Trump heading to trial in NY Attorney General Letitia James' civil fraud case

Molly Crane-Newman, New York Daily News on

Published in Political News

NEW YORK — New York state’s $250 million civil fraud lawsuit against former president Donald Trump’s family real estate business is headed to trial next October.

At a fiery hearing in state Supreme Court in Manhattan, Justice Arthur Engoron laid out a roadmap for Attorney General Letitia James’ case against the Trump Organization. He set a firm trial date of Oct. 2, 2023, over objections from Trump’s lawyers, who want more time to prepare.

Assistant Attorney General Kevin Wallace said the Trump team’s defense strategy was to “delay, delay, delay” the lawsuit by jamming it up with unnecessary filings to push it back to 2024. Wallace said their tactics included “playing games about whether or not they’ve actually been served.”

The accusations were made after a burst of legal motions Trump’s lawyers filed late Monday seeking to dismiss the case, which Judge Engoron said gave him “déjà vu.”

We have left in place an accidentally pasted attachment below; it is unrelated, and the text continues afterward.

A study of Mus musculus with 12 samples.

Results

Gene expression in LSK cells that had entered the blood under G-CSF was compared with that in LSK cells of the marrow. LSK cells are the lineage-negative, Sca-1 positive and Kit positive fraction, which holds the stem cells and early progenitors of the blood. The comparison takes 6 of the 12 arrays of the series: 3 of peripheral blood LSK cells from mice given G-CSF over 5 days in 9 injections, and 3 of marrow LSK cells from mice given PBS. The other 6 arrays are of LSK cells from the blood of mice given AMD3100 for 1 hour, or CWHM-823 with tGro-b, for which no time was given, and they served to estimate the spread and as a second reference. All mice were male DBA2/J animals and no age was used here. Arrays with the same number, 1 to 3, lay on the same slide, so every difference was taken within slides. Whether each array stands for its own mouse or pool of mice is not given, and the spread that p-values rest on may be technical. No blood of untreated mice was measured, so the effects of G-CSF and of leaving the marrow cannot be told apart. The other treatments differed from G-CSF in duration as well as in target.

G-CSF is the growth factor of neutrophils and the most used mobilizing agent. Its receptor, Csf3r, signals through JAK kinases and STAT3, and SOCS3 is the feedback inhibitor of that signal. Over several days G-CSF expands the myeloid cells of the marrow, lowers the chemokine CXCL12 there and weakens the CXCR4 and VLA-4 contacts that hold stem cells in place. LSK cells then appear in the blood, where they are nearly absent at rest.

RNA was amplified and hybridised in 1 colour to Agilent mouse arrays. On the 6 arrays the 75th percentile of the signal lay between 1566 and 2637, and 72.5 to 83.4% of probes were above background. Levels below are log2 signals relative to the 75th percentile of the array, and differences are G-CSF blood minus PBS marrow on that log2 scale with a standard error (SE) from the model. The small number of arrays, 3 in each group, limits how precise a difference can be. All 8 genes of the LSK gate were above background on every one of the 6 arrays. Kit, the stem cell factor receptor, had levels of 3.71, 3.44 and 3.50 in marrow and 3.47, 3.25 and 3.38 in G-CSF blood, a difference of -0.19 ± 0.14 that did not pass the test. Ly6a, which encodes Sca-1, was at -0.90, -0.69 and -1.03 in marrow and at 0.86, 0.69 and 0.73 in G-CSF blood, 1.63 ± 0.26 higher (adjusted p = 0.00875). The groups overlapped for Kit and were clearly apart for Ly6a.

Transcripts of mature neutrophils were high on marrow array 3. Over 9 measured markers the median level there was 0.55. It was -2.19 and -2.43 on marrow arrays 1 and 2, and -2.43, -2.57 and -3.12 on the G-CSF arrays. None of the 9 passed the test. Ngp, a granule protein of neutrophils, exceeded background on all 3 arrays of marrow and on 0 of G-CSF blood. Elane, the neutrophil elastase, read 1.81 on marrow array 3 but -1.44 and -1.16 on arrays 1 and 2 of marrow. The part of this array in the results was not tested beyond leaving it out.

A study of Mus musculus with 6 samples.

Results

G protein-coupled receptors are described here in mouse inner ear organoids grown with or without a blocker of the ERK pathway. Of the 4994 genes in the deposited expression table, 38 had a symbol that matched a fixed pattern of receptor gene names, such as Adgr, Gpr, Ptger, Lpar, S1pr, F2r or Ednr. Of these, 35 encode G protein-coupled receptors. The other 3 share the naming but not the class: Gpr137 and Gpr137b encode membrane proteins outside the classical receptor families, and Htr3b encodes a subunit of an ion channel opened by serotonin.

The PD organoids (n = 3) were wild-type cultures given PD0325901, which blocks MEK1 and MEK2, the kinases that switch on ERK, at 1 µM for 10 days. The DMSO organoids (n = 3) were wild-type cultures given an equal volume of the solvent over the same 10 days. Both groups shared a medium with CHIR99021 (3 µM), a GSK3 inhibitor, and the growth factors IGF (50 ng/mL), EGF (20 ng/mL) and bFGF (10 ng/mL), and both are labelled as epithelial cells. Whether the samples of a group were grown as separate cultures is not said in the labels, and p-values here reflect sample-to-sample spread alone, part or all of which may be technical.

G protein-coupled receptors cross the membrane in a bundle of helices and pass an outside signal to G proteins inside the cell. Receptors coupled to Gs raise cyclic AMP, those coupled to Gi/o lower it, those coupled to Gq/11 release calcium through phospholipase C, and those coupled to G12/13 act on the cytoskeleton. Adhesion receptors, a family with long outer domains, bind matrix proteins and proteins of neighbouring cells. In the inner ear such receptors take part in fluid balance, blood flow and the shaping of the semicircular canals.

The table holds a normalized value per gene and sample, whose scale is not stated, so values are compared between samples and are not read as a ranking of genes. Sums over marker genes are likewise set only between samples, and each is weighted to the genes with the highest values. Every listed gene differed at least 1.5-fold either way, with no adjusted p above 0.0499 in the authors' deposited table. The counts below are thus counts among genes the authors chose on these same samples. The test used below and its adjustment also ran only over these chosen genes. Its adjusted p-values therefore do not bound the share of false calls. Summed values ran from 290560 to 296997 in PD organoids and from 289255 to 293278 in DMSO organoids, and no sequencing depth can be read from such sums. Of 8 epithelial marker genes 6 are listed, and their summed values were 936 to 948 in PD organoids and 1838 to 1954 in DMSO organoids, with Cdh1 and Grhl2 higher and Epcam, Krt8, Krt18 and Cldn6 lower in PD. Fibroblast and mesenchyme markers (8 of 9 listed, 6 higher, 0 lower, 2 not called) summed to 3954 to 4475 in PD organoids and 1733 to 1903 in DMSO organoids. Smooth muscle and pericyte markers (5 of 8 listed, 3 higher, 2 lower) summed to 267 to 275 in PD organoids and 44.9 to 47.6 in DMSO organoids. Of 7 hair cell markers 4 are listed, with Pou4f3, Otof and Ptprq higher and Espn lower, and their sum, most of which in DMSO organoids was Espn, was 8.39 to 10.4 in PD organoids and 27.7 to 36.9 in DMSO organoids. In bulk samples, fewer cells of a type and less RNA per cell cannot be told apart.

Trump’s New Jersey-based lawyer Alina Habba — who rolled her eyes throughout the hearing — took personal aim at Engoron, accusing him of being “improper” and harboring bias against Trump. Her late-night motions to dismiss the case levied similar allegations at Attorney General James, describing her suit against the Trump Organization as a “highly-politicized (farce)” and a power grab.

“Like a river that threatens to break the banks and take the village under, the prosecutorial power of the state must be constrained,” the motion said.


“(It) cannot be reasonably disputed that (James) has displayed a wanton desire to harass, intimidate, and retaliate against Defendants,” reads a later section.

Trump filed a lawsuit making similar allegations against James in Florida in October. His lawyers described her as “a political hack” who had “her fingers crossed behind her back” when she swore to support the Constitution.

James’ sweeping Sept. 21 lawsuit accuses Trump, his executive children, Ivanka, Eric, Don Jr., and other senior Trump Organization staffers of engaging in widespread fraud for at least a decade. It describes an illegal company practice of misrepresenting the value of its assets — like Trump’s signature skyscrapers and golf courses — by hundreds of millions of dollars.

By lying about properties costing less or more than they were worth, James says Trump’s company scored around $250 million in ill-gotten loan terms and tax breaks based on false information, according to her suit. James says Trump exaggerated his net worth by “billions.”

Engoron has appointed retired Manhattan Judge Barbara Jones to oversee the company until the case’s resolution, which Trump’s lawyers have appealed.